Director: Nick Broomfield
This is a film. This is no ordinary film. Monster In A Box is like no other film you've ever seen — unless you saw Swimming To Cambodia at the 1988 Melbourne Film Festival.
Right from the start, you know where you are. You're in the theatre; you're watching and listening to Spalding Gray — 'the talking man.' He's showing us the box. He's taking the monster out of the box. He's telling us about the monster. The monster is a book entitled Impossible Vacation. After four years and 1900 pages of manuscript it's almost ready to be published, or edited, or both.
Spalding Gray always wanted to be a writer. After 30 years of performing and 15 years of sitting down in front of audiences, telling stories, this is his 13th autobiographical monologue. Now he has an agent, and his agent thinks he must have a novel lurking somewhere.
The concept for the book is to write about a character who can't take a vacation. This should be easy. Actors (and other freelancers) like Spalding Gray are reconciled to vocations without vacations. As soon as one bit-part finishes, you think you'll be out of work for the rest of your life. But it's not easy to write about this. Writing never is (easy).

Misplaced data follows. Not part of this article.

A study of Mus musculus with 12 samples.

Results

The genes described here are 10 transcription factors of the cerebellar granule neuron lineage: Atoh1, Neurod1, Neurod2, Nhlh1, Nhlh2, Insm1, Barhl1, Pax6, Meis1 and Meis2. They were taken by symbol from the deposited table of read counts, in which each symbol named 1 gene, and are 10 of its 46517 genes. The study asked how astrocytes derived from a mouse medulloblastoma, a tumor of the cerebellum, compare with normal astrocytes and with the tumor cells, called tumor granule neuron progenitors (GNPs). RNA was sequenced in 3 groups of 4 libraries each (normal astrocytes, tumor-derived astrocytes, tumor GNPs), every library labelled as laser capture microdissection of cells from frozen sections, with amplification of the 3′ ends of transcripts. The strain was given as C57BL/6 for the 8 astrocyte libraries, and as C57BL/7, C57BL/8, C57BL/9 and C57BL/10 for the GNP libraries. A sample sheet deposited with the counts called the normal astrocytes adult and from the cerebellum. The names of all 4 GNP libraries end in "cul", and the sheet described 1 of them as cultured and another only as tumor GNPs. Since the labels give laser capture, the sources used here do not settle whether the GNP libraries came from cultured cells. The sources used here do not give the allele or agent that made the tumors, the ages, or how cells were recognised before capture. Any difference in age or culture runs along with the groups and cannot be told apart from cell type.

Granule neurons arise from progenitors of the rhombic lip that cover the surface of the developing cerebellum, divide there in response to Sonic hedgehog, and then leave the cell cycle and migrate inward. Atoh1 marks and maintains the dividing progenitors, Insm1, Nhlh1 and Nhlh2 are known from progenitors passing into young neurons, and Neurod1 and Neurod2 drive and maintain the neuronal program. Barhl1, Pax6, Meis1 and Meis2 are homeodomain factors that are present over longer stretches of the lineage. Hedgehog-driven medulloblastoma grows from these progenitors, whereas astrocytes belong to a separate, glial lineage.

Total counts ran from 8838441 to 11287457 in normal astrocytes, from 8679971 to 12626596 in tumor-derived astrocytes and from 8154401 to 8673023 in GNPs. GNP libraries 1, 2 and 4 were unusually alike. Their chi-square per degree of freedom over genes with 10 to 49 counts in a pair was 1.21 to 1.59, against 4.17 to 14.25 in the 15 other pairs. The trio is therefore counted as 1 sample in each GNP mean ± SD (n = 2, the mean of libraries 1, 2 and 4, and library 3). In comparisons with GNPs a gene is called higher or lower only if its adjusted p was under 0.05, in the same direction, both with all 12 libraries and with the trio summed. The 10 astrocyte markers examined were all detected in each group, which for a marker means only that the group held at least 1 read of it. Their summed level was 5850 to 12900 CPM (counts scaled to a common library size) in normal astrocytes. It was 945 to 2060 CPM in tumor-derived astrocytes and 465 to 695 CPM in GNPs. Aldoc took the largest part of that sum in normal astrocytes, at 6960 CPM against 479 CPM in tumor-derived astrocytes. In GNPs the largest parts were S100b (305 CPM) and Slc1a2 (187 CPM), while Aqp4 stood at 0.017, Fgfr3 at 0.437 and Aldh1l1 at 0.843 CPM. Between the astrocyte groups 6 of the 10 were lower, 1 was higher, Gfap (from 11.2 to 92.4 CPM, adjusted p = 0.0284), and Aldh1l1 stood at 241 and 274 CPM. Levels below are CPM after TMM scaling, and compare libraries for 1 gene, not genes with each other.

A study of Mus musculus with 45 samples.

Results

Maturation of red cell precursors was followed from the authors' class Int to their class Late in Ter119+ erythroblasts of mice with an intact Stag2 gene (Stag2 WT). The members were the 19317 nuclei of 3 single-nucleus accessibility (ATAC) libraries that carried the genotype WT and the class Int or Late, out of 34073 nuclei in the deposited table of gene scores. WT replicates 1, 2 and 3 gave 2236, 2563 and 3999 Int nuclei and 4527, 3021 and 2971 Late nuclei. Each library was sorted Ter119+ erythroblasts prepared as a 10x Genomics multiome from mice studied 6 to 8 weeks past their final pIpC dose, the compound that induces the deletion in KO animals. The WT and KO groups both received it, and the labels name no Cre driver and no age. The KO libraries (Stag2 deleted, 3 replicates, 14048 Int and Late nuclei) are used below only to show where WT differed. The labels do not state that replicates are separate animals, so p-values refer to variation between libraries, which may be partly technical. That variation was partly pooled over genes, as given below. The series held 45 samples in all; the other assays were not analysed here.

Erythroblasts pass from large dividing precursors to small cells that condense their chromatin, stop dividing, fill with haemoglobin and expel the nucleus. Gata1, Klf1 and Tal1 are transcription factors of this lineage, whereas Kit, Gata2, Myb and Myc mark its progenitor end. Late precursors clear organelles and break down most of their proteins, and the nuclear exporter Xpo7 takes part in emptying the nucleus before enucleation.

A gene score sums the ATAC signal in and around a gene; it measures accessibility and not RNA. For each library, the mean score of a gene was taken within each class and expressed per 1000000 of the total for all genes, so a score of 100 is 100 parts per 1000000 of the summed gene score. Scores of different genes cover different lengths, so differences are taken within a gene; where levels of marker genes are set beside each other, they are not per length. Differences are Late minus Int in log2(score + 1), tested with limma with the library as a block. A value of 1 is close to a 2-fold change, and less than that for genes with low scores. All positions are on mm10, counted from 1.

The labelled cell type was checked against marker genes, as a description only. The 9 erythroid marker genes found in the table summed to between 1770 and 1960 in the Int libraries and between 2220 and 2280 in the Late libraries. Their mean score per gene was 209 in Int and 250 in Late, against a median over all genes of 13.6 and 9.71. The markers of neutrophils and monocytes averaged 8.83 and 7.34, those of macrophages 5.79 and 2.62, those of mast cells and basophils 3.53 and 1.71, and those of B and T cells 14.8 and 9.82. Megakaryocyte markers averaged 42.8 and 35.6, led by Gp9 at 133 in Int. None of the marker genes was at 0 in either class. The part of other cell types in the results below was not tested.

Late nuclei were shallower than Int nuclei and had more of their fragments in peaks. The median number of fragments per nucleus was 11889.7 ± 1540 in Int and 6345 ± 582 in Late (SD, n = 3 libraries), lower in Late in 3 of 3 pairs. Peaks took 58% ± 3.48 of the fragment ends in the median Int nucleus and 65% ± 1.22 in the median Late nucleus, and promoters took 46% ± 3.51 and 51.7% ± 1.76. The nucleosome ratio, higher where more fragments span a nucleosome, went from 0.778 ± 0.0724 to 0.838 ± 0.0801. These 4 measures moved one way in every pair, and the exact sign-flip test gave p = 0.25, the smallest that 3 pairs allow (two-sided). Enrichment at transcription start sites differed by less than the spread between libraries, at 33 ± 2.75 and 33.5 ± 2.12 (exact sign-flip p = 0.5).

The monster growls. This is the first time he has been asked to make things up. Before, it was just a matter of recollection and trying to figure out what was going on in his life. Figuring it out, with the help of an audience, to tell you when you are skating on thin ice. Now it's getting all private, and scary. So the distractions multiply and the monster grows.
The, monologue tells of the disruptions. The novel traces the detours and the bits of life between the interruptions. The film is like no other. It's simple. As simple as sounds and images bouncing around a hall of mirrors.
• Stephen Goddard
Producer Jon Blair is a guest of this year's Festival and will introduce the screening.